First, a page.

Companies to act as 'stewards of society' through CSR programs
- Business leaders are stepping up their corporate social responsibility (CSR) efforts to take a stand on social issues, said a new report from Deloitte and Forbes Insights. According to "The rise of the socially responsible business," a Deloitte Global survey, organizations will team up in 2019 to address computer literacy, education, climate change, income inequality and other social issues — pushing CSR to the forefront of their C-suite agendas and integrating it with financially-focused business strategies.
- In a survey of 350 business leaders, Deloitte found that 93% of the respondents think their companies are "stewards of society," and 95% plan to take greater stances on societal issues in 2019, committing significant resources to CSR initiatives. Most of the respondents (59%) said they currently devote between 1% and 5% of their revenues to socially responsible programs, while two-thirds said they increased CSR funding during the past two years.
- The American Psychological Association (APA) also published a related study focusing on whether and how employees can get their organizations to take up causes, such as reducing poverty, protecting the environment or expanding healthcare. The APA concluded that employees were more successful at getting an organization to buy into a cause when they made a moral case tied to the organization's mission and values, rather than its bottom line.
A 2018 MetLife survey found that 70% of employees want their employers to address social issues, and more than half want their companies to solve society's problems. In short, employees want and expect the companies they work for to be good corporate citizens, and employers are responding by putting CSR higher on their list of priorities.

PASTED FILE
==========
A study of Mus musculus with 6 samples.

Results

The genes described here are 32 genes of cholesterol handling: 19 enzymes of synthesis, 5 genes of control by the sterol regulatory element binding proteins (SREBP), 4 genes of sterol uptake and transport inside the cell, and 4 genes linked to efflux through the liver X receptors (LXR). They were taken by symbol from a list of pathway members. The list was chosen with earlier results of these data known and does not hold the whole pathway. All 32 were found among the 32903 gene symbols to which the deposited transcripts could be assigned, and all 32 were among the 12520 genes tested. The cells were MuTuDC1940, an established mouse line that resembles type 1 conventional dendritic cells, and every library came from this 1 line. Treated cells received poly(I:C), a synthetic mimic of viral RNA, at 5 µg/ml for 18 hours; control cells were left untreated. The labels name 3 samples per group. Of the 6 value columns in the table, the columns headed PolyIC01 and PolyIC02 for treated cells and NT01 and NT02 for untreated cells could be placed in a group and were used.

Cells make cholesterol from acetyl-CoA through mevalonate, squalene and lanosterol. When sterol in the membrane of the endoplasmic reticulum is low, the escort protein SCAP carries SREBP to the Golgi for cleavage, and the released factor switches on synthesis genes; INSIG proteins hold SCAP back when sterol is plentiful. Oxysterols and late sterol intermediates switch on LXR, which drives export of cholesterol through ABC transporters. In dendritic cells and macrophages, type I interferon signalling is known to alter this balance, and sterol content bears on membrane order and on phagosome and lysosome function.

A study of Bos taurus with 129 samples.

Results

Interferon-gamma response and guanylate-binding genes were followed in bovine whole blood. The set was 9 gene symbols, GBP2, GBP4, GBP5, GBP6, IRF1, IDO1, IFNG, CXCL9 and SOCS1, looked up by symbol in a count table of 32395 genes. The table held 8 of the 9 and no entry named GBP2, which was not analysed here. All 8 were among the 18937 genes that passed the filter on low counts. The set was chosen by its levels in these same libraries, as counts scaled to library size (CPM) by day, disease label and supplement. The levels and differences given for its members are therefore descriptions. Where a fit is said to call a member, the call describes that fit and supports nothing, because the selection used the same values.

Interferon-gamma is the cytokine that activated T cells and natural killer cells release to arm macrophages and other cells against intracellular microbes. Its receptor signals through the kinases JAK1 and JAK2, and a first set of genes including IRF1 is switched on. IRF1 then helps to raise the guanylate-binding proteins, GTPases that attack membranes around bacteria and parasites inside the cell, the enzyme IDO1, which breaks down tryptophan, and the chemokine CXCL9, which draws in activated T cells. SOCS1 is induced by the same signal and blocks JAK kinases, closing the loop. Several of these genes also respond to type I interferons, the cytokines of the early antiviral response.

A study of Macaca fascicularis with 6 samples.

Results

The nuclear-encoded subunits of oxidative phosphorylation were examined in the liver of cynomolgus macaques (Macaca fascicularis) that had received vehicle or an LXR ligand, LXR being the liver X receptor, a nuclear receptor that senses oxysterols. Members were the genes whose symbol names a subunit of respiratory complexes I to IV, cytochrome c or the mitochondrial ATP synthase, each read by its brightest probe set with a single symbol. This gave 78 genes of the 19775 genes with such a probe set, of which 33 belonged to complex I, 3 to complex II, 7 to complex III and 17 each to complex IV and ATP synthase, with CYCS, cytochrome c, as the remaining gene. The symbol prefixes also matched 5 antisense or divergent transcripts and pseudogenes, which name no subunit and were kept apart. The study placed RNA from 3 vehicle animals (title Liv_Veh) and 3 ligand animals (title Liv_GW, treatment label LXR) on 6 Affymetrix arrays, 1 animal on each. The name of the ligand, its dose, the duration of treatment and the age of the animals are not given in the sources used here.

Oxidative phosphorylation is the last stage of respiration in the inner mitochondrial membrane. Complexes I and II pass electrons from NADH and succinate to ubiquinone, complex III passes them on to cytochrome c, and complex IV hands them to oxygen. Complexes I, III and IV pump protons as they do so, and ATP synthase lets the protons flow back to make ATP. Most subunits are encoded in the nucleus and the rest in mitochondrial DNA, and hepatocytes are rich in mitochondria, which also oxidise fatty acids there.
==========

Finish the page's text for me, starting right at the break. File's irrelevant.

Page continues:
However, the Deloitte survey raised the question of whether organizations can successfully mix social responsibility with financial performance. David Mayer, lead author of the APA study, concluded that they can, especially when causes are tied to their missions and values, instead of their financial performance. The results of the APA report back up the notion that social change can come from employees and rise to the ranks of management, not just from the top down. The power of CSR as a potential branding tool, also, can help employers attract and retain talent — one of the bigger organizational challenges going into 2019 and beyond.
Employers can expect more push from young workers to take up causes and help solve social problems. CSR is favored by 81% of millennials, according to a 2017 study. And in an even earlier study, 62% of millennials said they were even willing to take a pay cut to work for an organization that's socially responsible. In an era of acute talent shortages, employers can use their CSR initiatives to present a positive culture that attracts young workers.